The role of innovation in franchising
Dec 22, 2015
There are no doubt those for whom the title of George Ritzer’s book, The McDonaldization of Society, resonates as they watch the relentless expansion of franchising. For these people – I have their names! – franchising is the antithesis of innovation. Franchising is, to them, simply the expression of formulaic uniformity – the routine rolling out of a distinctive business concept across city, state, and even national borders which is harmful to cultural diversity. The standardised, predictable and uniform look and feel of both the product and its delivery is not always welcomed.
Standardisation and uniformity are of course inevitable in business format franchising – they both characterise and drive its development. While we may take this practical reality for granted today we should not forget that the development of franchising little more than half a century ago was a massive innovative development. The US House of Representatives Committee on Small Business has described franchising as “one of the greatest inventions of western capitalism”. William Davis, author of The Innovators, has described franchising as “the most dynamic business arrangement since the emergence of the corporation”.
New forms of franchising
Franchising was born from need and innovation, as a solution to the challenges that those seeking to develop disciplined distribution systems faced, and its ongoing development is one of continuing innovation. The writer has written elsewhere that franchising’s capacity for reinventing itself – to continually adapt to changing circumstances and market conditions – is a major factor in its increasing global influence.
New forms of franchising have evolved from the original model to address particular distribution challenges – master/sub franchising, area development franchising, co-branding/combination franchising, multi-unit franchising, multi-concept franchising, multi-brand franchising, community franchising, social franchising, freedom franchising being the obvious examples. It is franchising’s capacity for adaption and innovation which drives its relentless development.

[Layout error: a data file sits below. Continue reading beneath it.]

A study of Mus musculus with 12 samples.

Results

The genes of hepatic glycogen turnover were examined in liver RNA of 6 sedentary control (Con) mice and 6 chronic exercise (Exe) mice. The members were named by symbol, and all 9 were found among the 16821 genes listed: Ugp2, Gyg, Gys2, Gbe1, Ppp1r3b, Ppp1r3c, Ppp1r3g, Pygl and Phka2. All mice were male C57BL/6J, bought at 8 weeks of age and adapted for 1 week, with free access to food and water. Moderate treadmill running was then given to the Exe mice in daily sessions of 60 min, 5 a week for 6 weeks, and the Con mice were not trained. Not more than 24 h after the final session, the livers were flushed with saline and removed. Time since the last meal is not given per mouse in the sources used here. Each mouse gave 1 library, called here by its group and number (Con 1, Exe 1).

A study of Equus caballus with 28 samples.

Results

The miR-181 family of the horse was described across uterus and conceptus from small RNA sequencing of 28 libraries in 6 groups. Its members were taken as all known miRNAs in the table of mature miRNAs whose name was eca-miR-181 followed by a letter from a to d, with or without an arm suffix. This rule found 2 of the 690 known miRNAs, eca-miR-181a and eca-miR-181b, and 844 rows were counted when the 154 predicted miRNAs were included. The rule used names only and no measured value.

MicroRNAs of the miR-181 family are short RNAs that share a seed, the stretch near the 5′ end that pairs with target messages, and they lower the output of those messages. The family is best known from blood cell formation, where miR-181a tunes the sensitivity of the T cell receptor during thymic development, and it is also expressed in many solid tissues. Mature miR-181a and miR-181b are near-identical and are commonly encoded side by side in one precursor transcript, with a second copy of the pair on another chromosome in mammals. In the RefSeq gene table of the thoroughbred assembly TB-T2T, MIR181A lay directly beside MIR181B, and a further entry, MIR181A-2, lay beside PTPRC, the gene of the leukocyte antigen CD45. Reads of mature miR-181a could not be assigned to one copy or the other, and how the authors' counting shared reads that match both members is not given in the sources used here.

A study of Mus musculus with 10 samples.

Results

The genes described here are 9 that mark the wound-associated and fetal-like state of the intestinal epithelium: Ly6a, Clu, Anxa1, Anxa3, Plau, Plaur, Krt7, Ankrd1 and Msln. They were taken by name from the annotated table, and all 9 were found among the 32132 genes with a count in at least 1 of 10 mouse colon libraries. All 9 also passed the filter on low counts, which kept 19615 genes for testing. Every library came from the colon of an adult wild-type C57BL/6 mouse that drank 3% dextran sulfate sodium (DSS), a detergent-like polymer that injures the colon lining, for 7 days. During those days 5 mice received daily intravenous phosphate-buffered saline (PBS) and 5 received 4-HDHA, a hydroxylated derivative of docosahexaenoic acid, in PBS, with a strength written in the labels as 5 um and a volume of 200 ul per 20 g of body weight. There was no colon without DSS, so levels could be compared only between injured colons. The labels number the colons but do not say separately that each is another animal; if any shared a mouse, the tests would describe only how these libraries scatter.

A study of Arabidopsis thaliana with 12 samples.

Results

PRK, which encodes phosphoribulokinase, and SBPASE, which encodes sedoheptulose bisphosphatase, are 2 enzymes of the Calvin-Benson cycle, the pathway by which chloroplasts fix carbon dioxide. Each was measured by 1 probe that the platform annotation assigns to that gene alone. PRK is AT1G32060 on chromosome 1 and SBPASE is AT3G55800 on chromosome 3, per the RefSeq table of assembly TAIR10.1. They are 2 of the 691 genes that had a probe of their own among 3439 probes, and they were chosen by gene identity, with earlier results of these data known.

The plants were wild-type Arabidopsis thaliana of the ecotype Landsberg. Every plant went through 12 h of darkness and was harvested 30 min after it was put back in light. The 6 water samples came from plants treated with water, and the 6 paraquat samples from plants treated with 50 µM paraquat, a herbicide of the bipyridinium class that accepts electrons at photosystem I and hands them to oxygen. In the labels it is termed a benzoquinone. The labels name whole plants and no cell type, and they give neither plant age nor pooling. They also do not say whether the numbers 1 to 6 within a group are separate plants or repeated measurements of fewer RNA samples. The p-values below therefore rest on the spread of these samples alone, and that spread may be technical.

Innovation in franchising is of course not limited to the franchising strategy itself – it is an essential prerequisite for all franchise systems. Australia’s 1000+ franchise systems today serve every industry sector. The low hanging fruit has long been picked.
A prospective entrepreneur wanting to establish a hamburger or pizza chain for example will have to do more than simply offer hamburgers or pizzas. Prospective franchisees and customers demand much more. The concept needs to be shaped by and infused with innovation across all aspects of the operation.
Small business strategy
It is in this process of course that an answer to the McDonaldization movement lies. Without franchising – without a strategy that enables small business to compete effectively against a limited number of larger and entrenched competitors – the marketplace would be a lot blander, more concentrated with fewer competitors, and offer much less diversity.
William Davis suggests – and few in the franchise sector will disagree – that although innovation is the most exciting part of business life it can also be one of the most frustrating but “there is nothing to compare with the thrill of finding a new idea and turning it into a concrete reality”.
While no sector or type of organisation has a monopoly on innovation the franchising sector is well placed to exploit the innovation advantage. The entrepreneurial underpinning of franchising supports and nurtures innovation. Large companies of course can, and do, innovate – in fact the massive R&D outlay required for innovation in some sectors effectively means that small companies will not lead the innovation game.
But the bureaucratic structure that characterises many large corporations frequently acts as an obstacle to innovation. The smaller franchising company, headed by a founder with entrepreneurial flair, is usually more agile, more responsive, more flexible and more willing to try new ideas and develop innovative strategies to establish and entrench a market share.
That new franchising systems develop to compete with the older, established and entrenched systems speaks loudly to the power of innovation.